New Huntsville City Hall would cost tax payers millions

The new proposed location would move it to where the city parking garage currently is, which is just across the street.

Posted: Nov. 8, 2017 6:10 PM
Updated: Nov. 8, 2017 7:12 PM

The current building is over fifty years old and the city told WAAY 31 it has many maintenance problems.

The new proposed location would move it to where the city parking garage currently is, which is just across the street.

Right now an architect is creating study to come up with a plan for the new city hall, which includes how many square feet it will be and the different uses it will serve.

Tax payers would be on the hook for 38-40 million dollars for the new building.

That money is already budgeted in the city's capitol plan, which city council approved in September.

The City Administrator told WAAY 31 there is a specific reason why they want to build the new city hall across the street from where it is now and not somewhere else downtown.

"Just based on all the geotech studies and things that have been done; its actually, the engineers say, one of the least expensive places we could build a multi story building here in the downtown area, because of where the bed rock is and the depth and things," said City Administrator John Hamilton.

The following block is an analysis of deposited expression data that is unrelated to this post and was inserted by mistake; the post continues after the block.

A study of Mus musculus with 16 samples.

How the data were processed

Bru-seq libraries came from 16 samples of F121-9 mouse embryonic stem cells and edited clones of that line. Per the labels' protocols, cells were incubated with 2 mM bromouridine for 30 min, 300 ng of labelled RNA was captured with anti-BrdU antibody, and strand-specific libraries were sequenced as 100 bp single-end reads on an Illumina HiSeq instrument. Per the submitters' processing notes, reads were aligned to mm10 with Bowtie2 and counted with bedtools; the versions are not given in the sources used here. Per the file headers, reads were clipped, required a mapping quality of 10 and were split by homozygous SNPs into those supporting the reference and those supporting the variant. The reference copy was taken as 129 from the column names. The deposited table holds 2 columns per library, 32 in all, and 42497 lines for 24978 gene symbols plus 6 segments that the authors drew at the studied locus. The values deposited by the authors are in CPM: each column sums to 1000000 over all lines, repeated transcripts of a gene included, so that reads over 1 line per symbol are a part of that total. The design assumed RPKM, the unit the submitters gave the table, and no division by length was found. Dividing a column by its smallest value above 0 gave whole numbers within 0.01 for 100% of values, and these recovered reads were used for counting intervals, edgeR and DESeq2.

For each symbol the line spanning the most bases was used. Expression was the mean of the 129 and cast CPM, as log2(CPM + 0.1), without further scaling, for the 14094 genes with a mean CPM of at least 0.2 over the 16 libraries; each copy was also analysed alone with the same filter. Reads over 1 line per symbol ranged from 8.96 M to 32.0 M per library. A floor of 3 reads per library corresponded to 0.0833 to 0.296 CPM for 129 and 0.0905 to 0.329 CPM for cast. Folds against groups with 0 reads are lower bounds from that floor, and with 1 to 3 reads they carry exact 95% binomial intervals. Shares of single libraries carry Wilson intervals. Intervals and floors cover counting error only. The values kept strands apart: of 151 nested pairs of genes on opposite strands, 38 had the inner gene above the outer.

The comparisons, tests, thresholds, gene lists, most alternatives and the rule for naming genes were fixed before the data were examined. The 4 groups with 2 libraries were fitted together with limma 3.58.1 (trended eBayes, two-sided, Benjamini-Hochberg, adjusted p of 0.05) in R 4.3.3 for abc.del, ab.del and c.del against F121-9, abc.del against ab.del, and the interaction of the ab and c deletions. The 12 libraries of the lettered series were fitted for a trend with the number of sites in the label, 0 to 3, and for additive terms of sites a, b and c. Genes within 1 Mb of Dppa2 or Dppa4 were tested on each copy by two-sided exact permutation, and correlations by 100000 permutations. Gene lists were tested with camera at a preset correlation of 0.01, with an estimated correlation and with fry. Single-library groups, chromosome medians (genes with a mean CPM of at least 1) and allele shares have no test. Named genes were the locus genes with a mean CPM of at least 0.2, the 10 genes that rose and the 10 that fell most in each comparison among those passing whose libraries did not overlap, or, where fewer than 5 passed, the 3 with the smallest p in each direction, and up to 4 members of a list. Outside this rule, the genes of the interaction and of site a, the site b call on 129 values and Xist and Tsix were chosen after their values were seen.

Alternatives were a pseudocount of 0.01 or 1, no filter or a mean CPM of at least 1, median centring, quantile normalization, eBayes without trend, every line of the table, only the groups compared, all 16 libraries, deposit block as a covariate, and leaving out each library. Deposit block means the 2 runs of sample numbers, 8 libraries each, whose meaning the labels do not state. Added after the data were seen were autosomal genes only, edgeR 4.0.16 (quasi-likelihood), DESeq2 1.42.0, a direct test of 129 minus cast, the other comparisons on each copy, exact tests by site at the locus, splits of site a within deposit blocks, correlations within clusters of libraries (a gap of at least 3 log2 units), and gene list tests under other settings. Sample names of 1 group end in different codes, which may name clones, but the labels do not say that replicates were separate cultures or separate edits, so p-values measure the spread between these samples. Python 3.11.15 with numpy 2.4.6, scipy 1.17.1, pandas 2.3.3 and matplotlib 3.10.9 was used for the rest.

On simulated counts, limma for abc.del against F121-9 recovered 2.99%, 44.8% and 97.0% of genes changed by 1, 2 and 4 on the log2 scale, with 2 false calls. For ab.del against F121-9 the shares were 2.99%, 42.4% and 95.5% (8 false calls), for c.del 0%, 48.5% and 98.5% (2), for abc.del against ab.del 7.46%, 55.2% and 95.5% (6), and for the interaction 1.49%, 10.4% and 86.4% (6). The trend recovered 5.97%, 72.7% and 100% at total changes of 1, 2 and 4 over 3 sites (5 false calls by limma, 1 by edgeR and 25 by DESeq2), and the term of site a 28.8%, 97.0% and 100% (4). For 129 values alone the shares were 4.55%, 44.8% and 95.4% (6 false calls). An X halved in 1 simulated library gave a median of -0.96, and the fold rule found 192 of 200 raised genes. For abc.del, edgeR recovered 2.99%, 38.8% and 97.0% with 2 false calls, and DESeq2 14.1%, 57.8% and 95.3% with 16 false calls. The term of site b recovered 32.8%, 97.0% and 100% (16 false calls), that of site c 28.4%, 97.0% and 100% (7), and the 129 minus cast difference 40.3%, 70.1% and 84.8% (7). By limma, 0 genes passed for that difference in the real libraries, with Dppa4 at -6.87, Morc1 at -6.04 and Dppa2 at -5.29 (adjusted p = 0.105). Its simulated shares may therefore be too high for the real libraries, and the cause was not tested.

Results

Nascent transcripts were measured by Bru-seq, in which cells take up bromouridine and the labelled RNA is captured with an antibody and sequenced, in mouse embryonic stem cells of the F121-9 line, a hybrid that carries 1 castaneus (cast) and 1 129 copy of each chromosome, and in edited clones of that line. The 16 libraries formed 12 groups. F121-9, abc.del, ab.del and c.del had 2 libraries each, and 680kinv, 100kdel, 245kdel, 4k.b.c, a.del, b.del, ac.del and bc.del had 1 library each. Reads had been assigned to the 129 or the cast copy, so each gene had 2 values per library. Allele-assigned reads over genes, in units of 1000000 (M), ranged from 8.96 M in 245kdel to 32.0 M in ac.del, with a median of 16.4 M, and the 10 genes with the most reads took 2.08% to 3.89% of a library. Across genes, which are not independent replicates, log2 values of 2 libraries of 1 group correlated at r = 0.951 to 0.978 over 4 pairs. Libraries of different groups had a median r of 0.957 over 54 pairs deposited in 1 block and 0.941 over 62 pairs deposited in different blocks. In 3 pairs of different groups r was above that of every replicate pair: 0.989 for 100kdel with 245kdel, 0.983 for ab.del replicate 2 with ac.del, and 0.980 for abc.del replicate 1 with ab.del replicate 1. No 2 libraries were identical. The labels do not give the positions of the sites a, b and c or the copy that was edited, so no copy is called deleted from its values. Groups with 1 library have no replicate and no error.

The next major action on this project could take place in the coming weeks and months.

As soon as the study by the architect is done it will be submitted to the council for approval.

From there the designing phase of the project could begin with construction potentially beginning as soon as a year or two from now.

If city council approves the move the next major decisions to be made will be what to do with the land the current city hall sits on.

Right now, the city is talking with a major developer who wants to build restaurants where city hall currently is with other residential space on top of that, such as condos, or a hotel.

Some people in our community think that's a good idea, but others don't agree.

Thomas Piff lives in Huntsville and he said if city hall is moved across the street the land it's currently on should stay with the city.
"I feel it should be used to expand our iconic, historic park," said Piff.

City council has approved a master plan with studies that show that wouldn't be the best use of the land.

"The remaining parcel that would exist once city hall is moved is best suited, its highest and best use, would be some sort of commercial development," said Hamilton.

A rendering of what the new development could look like shows a building several stories high on the south side of east Big Spring Park, which is the development Piff is concerned about.

"If we sell this property it is a forever sale. We can never un-ring the bell," said Piff.

The city council could decide to lease the land to the developers for an extended period of time, which they've done with other sections of land in the city, or they could decide to sell it outright.

That decision can't be made until decisions on building a new city hall are made.

"There's a good way to go in negotiating a development agreement and bringing it to council for approval," said Hamilton.